Despite declines in other construction types, the number of single-family homes built-for-rent has held steady over the last year, according to a report from the National Association of Homebuilders (NAHB). 

According to NAHB’s analysis of data from the Census Bureau’s Quarterly Starts and Completions by Purpose and Design, there were 11,000 single-family built-for-rent starts for Q2 2019. The NAHB notes that this is lower than the 13,000 estimated for Q2 2018. 

“Over the last four quarters, 42,000 such homes began construction, which is equal to the prior four quarter starts total,” said the NAHB.

According to a post on the National Association of Home Builders' (NAHB's) Best in American Living blog, renting by choice–instead of owning outright–is becoming increasingly popular among millennials.

The blog said that this was where newly constructed built for-rent single-family homes came into the picture. These homes, according to the blog, present millennials "with a terrific opportunity to live the American dream–without the additional responsibilities and stress of homeownership."

The blog indicated that one of the key reasons for the rise of these built-for-rent homes was diminishing affordability.

The post, written by BSB Design, said that transitioning from a multifamily property to a single-family home was a "move-up" solution for families that desired "to have the flexibility to travel, live a low maintenance lifestyle, or avoid financial burdens."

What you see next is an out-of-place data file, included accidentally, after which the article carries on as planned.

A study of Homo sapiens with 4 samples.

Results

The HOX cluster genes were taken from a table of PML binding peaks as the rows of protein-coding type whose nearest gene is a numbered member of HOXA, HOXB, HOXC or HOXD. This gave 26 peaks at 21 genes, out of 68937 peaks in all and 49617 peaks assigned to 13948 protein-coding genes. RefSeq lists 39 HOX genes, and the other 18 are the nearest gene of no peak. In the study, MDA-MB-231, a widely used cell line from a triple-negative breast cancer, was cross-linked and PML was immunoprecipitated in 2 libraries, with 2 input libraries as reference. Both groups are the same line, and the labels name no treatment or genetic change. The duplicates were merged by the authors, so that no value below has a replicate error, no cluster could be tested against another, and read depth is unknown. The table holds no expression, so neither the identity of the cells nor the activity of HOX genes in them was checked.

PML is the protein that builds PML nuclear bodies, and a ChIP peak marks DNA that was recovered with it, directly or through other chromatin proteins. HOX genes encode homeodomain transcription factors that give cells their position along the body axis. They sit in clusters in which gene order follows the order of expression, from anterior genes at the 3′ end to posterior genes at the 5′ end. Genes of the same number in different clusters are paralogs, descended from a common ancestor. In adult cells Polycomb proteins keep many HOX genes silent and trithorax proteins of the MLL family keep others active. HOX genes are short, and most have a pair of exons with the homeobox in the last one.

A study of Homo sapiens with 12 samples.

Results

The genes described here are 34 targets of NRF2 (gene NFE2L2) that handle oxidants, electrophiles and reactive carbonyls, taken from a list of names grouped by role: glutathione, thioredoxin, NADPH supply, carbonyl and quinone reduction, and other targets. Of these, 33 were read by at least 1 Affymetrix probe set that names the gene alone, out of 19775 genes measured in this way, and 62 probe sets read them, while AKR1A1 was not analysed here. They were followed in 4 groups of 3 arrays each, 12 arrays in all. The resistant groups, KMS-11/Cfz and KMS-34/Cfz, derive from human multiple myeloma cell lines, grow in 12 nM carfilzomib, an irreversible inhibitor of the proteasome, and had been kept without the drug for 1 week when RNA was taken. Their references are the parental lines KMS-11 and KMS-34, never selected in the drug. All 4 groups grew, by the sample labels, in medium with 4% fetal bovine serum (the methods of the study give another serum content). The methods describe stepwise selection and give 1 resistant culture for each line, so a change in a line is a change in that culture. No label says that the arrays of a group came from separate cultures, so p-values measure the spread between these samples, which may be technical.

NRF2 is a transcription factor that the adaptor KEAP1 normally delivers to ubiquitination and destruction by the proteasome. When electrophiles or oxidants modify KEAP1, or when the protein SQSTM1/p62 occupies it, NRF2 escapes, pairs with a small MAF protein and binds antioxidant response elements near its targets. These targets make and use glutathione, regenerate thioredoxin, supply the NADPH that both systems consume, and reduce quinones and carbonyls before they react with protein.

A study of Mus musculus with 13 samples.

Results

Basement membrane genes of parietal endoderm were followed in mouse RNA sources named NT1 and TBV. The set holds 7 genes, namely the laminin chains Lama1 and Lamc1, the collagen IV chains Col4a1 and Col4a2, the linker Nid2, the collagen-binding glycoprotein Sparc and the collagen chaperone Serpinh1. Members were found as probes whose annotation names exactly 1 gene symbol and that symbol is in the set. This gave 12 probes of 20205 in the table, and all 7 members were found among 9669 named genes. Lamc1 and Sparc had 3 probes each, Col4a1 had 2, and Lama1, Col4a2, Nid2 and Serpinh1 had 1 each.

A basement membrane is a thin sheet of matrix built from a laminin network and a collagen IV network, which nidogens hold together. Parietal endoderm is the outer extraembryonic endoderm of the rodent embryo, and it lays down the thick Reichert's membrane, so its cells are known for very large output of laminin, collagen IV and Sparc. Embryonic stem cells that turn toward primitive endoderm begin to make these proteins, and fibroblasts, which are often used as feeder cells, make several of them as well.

The share of built-for-rent homes rose following the recession, but the total number of single-family starts built-for-rent remains low in terms of the total size of the building market.CoreLogic states that the built-for-rent pipeline of single-family homes is considerably smaller than the single-family home portion of the rental housing stock, which is 35% according to the 2017 American Community Survey. The primary source of single-family rental homes is not construction but the existing housing stock, as 56% of the gains in the rental housing stock were due to increases of for-rent single-family homes from 2005 to 2015.

About Author: Seth Welborn

Seth Welborn is a contributing writer for DS News. He is a Harding University graduate with a degree in English and a minor in writing, and has studied abroad in Athens, Greece. An East Texas native, he also works part-time as a photographer.